Biosolid strategy in India
India står overfor en betydelig utfordring med håndtering av avløpsslam. Norwaste har i et Norad-finansiert prosjekt laget en slamstrategi og evaluert behandlingsmetoder og verdikjeder for slam som del av et nasjonalt prosjekt for Ganges-elven.

India has a significant national project called "Namami Gange Programme" with a mission to achieving two primary goals for the Ganges River. One is the effective reduction of pollution, and the other is the conservation and rejuvenation of the Ganges River. To reduce pollution, the focus has been on establishing efficient sewage treatment plants. Regulations in India have been implemented, setting emission limits on par with European standards. However, as a result of sewage treatment, a byproduct, namely sewage sludge, is produced, with less attention given to its management compared to the establishment of treatment plants.

Norwaste has contributed to the significant national project in India, specifically in sewage sludge treatment and biosolids management, funded by Norad. In the second phase of the project, we led a consortium comprising engineers from NJS Engineers India Pvt. Ltd. and Arkatap Technology And Innovations Llp. The project assessed three different state-of-the-art sewage sludge anaerobic treatment methods, pasteurisation, temperature phased anaerobic digestion (TPAD) and stem explosion also called THP. and three potential downstream solutions for sewage sludge in India, examining the primary cost drivers across the sewage sludge value chain. Portions of the project's results were released in December 2023 by the "Centre for Ganga River Basin Management and Studies" in the report "STP Sludge in India: Strategies for management and potential pathways for implementation." “STP Sludge in India: Strategies for management and potential pathways for implementation”.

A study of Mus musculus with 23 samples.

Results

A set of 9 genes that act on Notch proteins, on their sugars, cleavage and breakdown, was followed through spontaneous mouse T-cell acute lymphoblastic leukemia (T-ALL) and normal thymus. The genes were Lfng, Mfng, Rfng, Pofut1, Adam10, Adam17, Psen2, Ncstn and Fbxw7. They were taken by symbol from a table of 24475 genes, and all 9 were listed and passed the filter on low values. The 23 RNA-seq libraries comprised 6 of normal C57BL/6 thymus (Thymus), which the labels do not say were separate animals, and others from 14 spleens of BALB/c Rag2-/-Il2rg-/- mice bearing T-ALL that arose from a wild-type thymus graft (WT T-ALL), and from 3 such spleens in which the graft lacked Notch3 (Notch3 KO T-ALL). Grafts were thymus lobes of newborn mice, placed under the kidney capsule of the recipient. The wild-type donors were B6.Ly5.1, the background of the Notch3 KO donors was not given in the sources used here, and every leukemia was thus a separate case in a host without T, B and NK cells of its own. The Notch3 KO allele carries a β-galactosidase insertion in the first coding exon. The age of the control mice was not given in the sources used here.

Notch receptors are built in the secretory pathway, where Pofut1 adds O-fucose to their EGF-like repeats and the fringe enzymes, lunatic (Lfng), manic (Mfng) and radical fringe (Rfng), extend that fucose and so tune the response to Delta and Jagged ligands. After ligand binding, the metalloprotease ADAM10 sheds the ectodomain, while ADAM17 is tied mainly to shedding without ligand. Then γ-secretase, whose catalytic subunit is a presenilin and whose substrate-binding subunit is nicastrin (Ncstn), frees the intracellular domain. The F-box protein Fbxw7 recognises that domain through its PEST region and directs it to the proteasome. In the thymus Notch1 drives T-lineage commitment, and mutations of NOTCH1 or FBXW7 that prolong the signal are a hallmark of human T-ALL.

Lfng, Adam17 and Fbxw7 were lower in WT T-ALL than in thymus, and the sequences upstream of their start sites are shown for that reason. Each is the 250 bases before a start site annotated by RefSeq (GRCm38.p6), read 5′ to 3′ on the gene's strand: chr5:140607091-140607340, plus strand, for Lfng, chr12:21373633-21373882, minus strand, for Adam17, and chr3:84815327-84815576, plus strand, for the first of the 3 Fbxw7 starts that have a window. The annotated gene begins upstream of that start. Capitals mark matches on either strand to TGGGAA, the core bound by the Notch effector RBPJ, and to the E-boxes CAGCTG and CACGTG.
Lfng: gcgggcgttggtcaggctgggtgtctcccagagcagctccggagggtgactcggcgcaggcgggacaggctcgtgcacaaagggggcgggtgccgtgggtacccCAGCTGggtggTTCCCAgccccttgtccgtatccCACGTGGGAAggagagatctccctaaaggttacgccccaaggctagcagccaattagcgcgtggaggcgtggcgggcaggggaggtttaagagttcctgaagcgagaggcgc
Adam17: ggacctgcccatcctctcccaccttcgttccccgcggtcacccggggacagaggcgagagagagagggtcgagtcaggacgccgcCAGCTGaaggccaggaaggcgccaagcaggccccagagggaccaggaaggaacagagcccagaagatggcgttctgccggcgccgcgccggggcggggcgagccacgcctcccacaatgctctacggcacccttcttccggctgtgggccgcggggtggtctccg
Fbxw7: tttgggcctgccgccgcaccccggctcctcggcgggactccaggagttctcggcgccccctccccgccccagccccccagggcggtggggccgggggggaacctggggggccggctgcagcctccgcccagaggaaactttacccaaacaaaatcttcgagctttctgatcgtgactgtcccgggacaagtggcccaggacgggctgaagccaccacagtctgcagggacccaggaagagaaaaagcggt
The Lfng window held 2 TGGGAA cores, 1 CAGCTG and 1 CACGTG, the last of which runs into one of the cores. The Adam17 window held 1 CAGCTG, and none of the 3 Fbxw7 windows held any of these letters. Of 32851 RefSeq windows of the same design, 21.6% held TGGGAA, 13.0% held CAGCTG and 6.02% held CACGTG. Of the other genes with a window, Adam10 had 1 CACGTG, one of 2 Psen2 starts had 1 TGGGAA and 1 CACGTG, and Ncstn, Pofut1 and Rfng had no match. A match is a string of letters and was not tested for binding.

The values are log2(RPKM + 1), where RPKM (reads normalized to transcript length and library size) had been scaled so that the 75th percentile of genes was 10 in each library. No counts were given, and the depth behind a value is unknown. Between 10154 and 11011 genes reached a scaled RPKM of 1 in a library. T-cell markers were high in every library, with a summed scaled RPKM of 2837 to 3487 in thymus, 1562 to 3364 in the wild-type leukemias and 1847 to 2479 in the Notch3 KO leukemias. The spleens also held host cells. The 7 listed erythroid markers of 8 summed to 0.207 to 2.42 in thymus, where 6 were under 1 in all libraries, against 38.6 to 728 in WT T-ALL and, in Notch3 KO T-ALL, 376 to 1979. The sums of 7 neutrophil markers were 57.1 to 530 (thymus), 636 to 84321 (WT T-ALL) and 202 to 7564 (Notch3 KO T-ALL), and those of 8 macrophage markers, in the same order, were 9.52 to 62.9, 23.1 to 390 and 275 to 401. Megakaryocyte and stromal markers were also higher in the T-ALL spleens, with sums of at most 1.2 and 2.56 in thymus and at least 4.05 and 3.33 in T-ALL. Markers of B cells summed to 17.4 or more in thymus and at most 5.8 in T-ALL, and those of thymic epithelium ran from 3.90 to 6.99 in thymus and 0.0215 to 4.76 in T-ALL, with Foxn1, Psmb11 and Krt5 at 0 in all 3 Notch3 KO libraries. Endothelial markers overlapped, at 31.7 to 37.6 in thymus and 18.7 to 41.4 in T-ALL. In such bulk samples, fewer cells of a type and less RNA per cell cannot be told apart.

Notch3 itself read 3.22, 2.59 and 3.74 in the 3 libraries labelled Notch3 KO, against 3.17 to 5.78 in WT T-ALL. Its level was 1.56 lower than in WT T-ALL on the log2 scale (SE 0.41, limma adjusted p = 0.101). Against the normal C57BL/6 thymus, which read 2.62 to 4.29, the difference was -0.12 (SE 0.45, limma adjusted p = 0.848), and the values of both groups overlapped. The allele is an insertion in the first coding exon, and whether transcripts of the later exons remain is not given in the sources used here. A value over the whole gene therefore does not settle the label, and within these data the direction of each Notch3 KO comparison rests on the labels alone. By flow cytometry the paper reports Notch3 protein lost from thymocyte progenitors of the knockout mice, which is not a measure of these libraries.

IWIS 2023 Sludge report Line Blytt – Kopi

Present are representatives from NJS, the Norwegian Embassy, Innovation Norway, the Centre for Ganga River Basin and Studies (cGanga), and Norwaste.

India has concluded that treated biosolids with low levels of pollutants is a resource as a soil enhancer in agriculture. India is considering compensating farmers for using sludge to increase soil organic content, viewing this as a national welfare scheme. The report highlights the lack of specific regulations in India for the handling, treatment, and storage of sludge. Although current national waste laws provide some requirements, they are inadequate. Odour emission from stored sludge currently causes social issues, and in cities like Delhi and Mumbai, the American regulations are referenced in bids for sludge treatment. India requires comprehensive legislation encompassing capacity, treatment, quality, agricultural use, and dewatering, along with monitoring, intermediate storage, and environmental assessments.

It is further recommended that the government funds the development of sludge management plans for each municipality to achieve the mandated goals and priorities. India is in the initial stages of determining its approach to sewage sludge treatment and biosolids management. What we do know is that when India decides to address a problem, it does so rapidly, given the challenge of solving a problem affecting 1.4 billion inhabitants. Meeting the challenges associated with sludge production from a population of 1.4 billion people requires significant effort. Even though not everyone is connected to sewage treatment plants, there is now a generation of over 3.7 million tons of raw sludge, and India lacks a secure treatment method and efficient handling of this substantial volume.